Ex-Labour stalwart hails SNP regime at council as ‘revelation’
A former Labour stalwart says the party “made a mess” of its eight-year reign in charge of Scotland’s smallest council and hailed the SNP regime which replaced it as a “revelation”.
Councillor Eddie Carrick, now an independent, insists it would be a “crying shame” if Clackmannanshire Council is recaptured by his former party when voters go to the polls in the local government elections on 3 May. The governing Labour group fell in January when Councillor Carrick quit in a bitter fallout with his former party after being de-selected as a candidate.
But Labour have played down his departure and believe it can seize power again next month.
Councillor Carrick, who is standing again as an independent, insisted he left the Labour party after 36 years as a “matter of principle”.
He added: “I’ve worked hard for the last 10 years for the people of Menstrie and its well documented.
“It’s up to the people – if the people believe I can continue to do that then they will vote for me. If they think I’m not doing the job they expect, then they won’t.
“I think it would be a crying shame if Labour got back in because they made a mess of it in the years they were there. There was hardly a house built.
“I think the SNP since they came in, they have been a revelation and they’ve put their policies forward and put them out there and the people can vote on them.”
Labour deputy group leader Bobby McGill said his former colleagues de-selection was “unfortunate”.
But he added: “That’s just how it goes. Any of us could be told that we’ve not got the vote.”
He insists the 18-seat council, the smallest on Scotland’s mainland, will be a close battle where unemployment and housing are expected to dominate.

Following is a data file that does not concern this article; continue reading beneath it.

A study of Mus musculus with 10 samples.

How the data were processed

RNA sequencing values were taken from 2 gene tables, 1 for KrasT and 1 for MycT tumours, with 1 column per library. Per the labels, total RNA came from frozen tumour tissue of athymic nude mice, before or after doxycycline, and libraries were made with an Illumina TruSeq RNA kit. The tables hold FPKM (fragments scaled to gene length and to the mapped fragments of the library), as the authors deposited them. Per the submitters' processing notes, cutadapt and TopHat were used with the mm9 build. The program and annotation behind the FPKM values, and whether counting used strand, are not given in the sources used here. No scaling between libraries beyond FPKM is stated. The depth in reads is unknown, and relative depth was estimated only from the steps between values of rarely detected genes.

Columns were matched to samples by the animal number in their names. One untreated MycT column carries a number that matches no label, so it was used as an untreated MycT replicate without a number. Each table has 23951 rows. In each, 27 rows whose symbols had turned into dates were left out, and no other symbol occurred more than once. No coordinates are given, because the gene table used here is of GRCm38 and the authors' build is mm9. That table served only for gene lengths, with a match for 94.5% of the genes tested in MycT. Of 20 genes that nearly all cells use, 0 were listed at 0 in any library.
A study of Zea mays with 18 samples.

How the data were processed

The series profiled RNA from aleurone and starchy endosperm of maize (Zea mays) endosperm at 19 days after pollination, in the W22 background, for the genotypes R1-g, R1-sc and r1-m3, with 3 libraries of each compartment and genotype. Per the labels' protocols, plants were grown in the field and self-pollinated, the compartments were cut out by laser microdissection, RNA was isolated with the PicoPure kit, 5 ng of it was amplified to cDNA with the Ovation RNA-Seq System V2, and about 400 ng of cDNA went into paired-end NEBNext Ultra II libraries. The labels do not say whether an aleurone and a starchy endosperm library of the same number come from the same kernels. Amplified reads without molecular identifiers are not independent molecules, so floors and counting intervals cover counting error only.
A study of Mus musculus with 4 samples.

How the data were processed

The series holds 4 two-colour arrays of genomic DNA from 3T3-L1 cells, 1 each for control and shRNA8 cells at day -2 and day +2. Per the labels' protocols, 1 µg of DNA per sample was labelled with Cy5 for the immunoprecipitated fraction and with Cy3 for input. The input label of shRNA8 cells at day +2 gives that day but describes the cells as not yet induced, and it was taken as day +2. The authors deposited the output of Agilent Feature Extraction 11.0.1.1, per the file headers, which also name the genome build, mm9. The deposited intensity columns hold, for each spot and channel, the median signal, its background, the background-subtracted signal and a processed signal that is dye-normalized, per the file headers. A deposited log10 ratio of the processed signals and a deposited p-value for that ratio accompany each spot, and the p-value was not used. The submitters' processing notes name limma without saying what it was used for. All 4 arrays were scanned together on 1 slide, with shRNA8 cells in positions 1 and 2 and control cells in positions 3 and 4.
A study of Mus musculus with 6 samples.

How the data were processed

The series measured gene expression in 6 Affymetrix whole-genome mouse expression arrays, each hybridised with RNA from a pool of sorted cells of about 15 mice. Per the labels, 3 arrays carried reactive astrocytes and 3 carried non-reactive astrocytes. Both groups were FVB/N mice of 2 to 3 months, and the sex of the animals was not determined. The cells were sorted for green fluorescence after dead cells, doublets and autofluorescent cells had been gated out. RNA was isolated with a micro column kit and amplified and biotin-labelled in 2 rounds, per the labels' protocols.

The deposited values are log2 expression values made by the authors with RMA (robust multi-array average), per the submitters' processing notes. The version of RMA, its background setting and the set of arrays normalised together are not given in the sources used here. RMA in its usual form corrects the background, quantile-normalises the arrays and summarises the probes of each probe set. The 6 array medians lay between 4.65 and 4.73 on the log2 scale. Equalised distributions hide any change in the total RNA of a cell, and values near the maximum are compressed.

Councillor McGill added: “We’re very upbeat about it – we think we can take the council back. We know there will only be one seat in it. Either they will get nine or we’ll get nine. That’s how close it is. We’re confident we’ll get as many as we did last time and maybe take one more.”
But Labour are only standing nine candidates this time around, while the SNP are putting up 12, a move seen by many as a statement of intent by the Nationalists.
Gary Womersley, the new SNP council leader said he inherited debts of £180 million from Labour – the third highest in Scotland. The last administration was also forced to write off £10 million of debt, he said, accusing it of “financial mis-management” during its period in power.
“I think we’ve brought a degree of rigour to the council’s finances that it has never seen before,” he said.
“There’s certainly an appetite for maintaining the momentum of us seizing control earlier on in the year.
“We’ve delivered more in a short period in administration than the previous Labour regime did in the past four-and-a-half years.”